While Australian girls are struggling with social disconnection and are more vulnerable to family violence under COVID-19 restrictions, research has shown many of their peers overseas have had their schooling severed by the pandemic.
- Plan International’s Living Under Lockdown report found 743 million girls were currently out of school globally due to COVID-19
- There are concerns that many will be married early, putting an end to their education
- Young women in Australia are more vulnerable to family violence due to social isolation
Sydney student Mayela Dayeh knows all about the impact COVID-19 restrictions are having on her social life.
The 16-year-old experiences it every day.
“I’ve seen a lot of girls try to overcompensate with the loss of physical networking by using a lot of social media … and trying to call as many people as possible to try and bridge that gap,” she said.
Women aged 14-24 already spend nearly five hours more on social media a week than men in the same age group.
This pandemic may have seen that gap increase.
“I can see the mental health effect that has on a lot of girls,” Ms Dayeh said.
For Laila Yaqoobi, a 19-year-old nursing student in Melbourne, the loss of face-to-face social networks has been a struggle.
“When this pandemic first broke out, it was pretty nerve-wracking,” she said.
“I was really stressed and anxious … everyone was panicking.”
She said she really felt the loss of her supportive network of friends.
“To [not] be able to share your stories face-to-face, share your feelings. It just sets a barrier to your social life and deteriorates your mental health.”
The loss of social networks is just one issue highlighted in a report from Plan International on the impact of COVID-19 on girls and young women around the world.
In Australia, as with previous natural disasters, the pandemic has led to an increased vulnerability to domestic violence.
“Where there’s been disasters … you do see this increase in the vulnerability of women to domestic violence,” Professor Cathy Humphreys from the University of Melbourne said.
The recent bushfires revealed what could happen.
“The more intensely affected the bushfire area, the more the rate of domestic violence went up,” Professor Humphreys said.
She said advocates monitoring the situation had reported six fatal acts of violence against women in the last two weeks — about twice the average death rate.
“Isolation is so dangerous. We know that the more isolated a woman is when she’s living with domestic violence, the more vulnerable she is.”
The end of schooling
In Australia, girls and young women are preparing to return to the classroom if they’re not already back.
But in developing countries, many girls who have had their education disrupted during the pandemic may never return to school.
That was just one of the issues examined in the Living Under Lockdown: Girls and COVID-19 report that also looked at issues including gender-based violence and access to women’s health.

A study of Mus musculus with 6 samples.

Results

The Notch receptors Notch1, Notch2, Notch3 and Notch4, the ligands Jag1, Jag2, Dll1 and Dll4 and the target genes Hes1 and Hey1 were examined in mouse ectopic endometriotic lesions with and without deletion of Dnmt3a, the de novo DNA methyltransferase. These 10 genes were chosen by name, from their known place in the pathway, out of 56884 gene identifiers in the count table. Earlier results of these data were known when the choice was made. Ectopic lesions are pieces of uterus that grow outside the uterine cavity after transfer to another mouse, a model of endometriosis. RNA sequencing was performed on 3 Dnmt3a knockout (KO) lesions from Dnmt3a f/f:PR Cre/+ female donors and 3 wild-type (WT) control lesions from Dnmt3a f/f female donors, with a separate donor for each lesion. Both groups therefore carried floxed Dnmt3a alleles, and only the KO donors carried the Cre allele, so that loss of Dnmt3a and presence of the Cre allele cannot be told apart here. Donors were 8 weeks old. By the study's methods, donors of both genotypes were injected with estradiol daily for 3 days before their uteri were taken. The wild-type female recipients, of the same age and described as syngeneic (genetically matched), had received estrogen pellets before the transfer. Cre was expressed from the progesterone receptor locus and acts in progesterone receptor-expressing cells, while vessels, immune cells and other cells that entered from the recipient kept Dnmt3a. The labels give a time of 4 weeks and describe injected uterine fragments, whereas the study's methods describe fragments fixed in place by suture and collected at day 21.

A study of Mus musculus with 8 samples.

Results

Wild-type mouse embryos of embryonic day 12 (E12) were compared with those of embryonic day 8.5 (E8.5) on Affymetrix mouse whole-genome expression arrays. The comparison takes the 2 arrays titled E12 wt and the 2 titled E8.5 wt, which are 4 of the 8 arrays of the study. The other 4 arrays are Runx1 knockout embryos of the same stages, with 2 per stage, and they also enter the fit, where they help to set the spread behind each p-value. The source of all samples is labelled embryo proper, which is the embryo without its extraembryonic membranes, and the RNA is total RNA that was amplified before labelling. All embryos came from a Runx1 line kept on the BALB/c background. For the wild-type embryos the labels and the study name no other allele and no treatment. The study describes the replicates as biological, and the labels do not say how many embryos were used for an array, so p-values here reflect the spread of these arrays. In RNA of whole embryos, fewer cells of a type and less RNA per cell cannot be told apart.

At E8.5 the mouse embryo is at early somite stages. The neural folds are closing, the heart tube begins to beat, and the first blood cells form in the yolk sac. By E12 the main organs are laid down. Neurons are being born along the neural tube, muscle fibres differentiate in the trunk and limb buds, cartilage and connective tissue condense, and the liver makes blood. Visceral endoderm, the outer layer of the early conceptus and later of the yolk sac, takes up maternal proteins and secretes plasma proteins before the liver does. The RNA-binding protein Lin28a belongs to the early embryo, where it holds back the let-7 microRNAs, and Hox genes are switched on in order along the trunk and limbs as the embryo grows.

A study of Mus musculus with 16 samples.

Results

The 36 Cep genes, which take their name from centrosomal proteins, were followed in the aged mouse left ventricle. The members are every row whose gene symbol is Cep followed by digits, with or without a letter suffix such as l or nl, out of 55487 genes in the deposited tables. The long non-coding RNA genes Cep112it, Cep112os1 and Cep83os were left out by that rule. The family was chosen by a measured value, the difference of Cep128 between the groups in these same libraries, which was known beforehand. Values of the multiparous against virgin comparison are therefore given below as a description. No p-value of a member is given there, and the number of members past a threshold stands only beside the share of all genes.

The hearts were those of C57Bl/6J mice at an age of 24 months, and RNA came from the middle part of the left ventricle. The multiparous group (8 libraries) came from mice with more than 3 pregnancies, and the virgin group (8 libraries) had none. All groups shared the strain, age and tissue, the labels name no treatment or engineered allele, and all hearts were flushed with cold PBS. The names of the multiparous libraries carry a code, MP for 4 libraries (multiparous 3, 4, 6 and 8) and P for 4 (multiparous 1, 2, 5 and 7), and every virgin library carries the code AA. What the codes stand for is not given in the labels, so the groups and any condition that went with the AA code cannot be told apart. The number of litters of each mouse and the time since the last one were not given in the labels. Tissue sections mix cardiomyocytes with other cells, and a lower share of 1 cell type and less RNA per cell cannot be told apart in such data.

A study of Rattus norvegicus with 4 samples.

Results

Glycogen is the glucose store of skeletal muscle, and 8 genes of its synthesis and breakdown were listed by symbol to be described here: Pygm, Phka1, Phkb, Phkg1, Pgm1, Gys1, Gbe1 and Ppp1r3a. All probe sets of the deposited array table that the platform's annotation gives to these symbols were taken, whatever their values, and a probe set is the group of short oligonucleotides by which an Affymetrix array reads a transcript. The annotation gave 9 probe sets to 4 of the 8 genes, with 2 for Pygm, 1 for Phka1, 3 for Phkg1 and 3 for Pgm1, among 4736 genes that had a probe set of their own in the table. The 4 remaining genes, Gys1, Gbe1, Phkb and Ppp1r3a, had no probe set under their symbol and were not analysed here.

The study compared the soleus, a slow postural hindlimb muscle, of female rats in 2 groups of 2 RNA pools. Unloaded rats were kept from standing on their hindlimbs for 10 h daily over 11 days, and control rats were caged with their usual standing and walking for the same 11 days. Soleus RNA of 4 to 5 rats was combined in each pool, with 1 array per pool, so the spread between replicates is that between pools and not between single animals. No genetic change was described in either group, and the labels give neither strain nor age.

Laila Yaqoobi is a former asylum seeker who spent much of her childhood in Pakistan and still speaks regularly to friends there.
“They mostly rely on their parents for their financial support,” she said.
“Now that their parents are not working anymore, they can no longer go to school and pay their fees. Most of these girls won’t go back to school.”
“They will either fall into child marriages or teen pregnancies and it makes it impossible to continue their education.”
According to the Plan International report, 743 million girls are currently out of school due to the pandemic, and they don’t have the same level of access to online learning as boys.
“That’s something me and my friends talked about, is whether they can continue their education after this pandemic. So they’re really affected by this at the moment,” she said.
Boys are 1.5 times more likely to own a phone than girls in low and middle-income countries and are 1.8 times more likely to own a smartphone that can access the internet.
Ms Yaqoobi’s concerns about education are shared by 19-year-old Tino Munyanyiwa.
The Melbourne engineering student was born in Zimbabwe and has lots of family and friends there.
With money tight, when the pandemic ends many families won’t be able to afford to send all their children back to school, she said.
“When you have to choose between a girl child or a boy child returning back to school, obviously a boy child would end up returning.”
‘Nothing’s given for nothing’
Ms Munyanyiwa said she was also worried about the increased dangers of sex trafficking in countries such as Zimbabwe, where international organisations have halted operations due to COVID-19.
“It would become more prevalent because organisations that focus on stopping that … are not able to focus on that. They’re not able to do their job,” she said.
“Obviously that’s going to make it easier for those that are on the bad side and wanting for that to happen.”
Plan International’s Susanne Legena said this pandemic was a perfect storm when it came to sexual exploitation.
“Girls are saying to us if you’re hungry and you’re in lockdown and you’re asking people for help … nothing’s given for nothing. And you’re really vulnerable to exploitation,” Ms Legena said.
Ms Legena said as the world emerged from this pandemic, Governments should not make the same mistakes as in the past.
“We have the lessons from previous crises to help guide us,” she said.
“Let’s think about what can we do in this time that will set it up on the other side for a more equal, fairer, better society.”